Community College: Is It For Me?
Join the millions of other adult learners advancing their careers at community colleges.
According to the National Center for Educational Statistics, community colleges make up over 44% of the educational institutions in the United States.
The popularity of these institutions only continues to grow with an increased number of adult programs and new bachelor’s degree programs.
Community college students learn skills that they need to succeed in a changing workforce.
But why are these schools so popular?
Let’s explore the pros and cons of community colleges and how the community college system might fit your needs.
Community colleges are present in almost every local community in the country. With over 1700 two-year colleges nationwide, community colleges provide the convenience and accessibility that many busy adult learners need. Not only do community colleges have flexible scheduling, including night and weekend coursework, but many offer online courses or self-paced classes for those who prefer to learn at home.
Aside from convenient class times and locations, community colleges also have flexible program options. Students can enroll in a wide variety of programs, from GED to certificate to associate’s degree programs, and even four-year bachelor’s degree programs that challenge traditional four-year college degrees. And students can learn at their own rates as well, taking one class a week or speeding through their coursework with an accelerated degree program.
Community colleges are known for their relatively inexpensive classes. According to the American Association for Community Colleges, full-time tuition at community colleges cost an average of $2,361, while four-year colleges average $7,605 per year. Additionally, community college classes can cost as little as $20 per credit hour in some states.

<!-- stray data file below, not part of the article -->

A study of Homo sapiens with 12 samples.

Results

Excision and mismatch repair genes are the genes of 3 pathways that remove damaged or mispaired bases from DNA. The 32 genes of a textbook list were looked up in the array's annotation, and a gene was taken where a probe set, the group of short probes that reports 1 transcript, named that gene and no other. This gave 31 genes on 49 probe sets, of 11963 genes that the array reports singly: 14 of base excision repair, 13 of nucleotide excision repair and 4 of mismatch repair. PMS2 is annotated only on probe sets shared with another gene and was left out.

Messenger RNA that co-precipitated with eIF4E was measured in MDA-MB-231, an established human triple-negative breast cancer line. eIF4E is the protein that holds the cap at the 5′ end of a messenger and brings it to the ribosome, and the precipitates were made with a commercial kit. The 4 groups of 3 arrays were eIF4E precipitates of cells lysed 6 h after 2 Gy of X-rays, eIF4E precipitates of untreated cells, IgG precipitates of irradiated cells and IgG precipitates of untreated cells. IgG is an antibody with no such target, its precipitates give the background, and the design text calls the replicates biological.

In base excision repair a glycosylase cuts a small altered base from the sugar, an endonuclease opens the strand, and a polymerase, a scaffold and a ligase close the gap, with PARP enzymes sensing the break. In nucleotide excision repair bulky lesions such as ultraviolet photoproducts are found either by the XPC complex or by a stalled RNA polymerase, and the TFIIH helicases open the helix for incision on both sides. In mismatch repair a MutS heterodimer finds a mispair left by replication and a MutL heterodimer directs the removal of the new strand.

The best community colleges in the US offer a variety of programs and class options, but all of these options are designed for practical application. Community college students learn skills that they can use and, community colleges also strive to give students skills they will need to enter and succeed in a changing workforce.
Community colleges are geared towards serving the needs of non-traditional students. A large portion of that subsection is adult learners. Not only does this mean that community colleges understand the needs and busy schedules of adult learns, but it also means that they make it easier for adult learners to go back to school.
Since adult education programs are an integral in the community college culture, the best community colleges also offer the services and support that makes it easy for students to succeed. From tutoring, to financial aid, to day-care services, community colleges strive to make getting your degree as easy and painless as possible.
Downsides of Community Colleges
With all their benefits, you might think community colleges are a slam dunk. Unfortunately, as many community colleges are financed at the state level, community colleges have been hit by many of the budget problems facing states. In some cases, this has led to increased tuition, cuts in programs and offerings and other shortfalls.
While this downside, hasn’t taken anything away from the great educational opportunities offered at community colleges, you’ll want to check with your local community college system to make sure it offers what you need.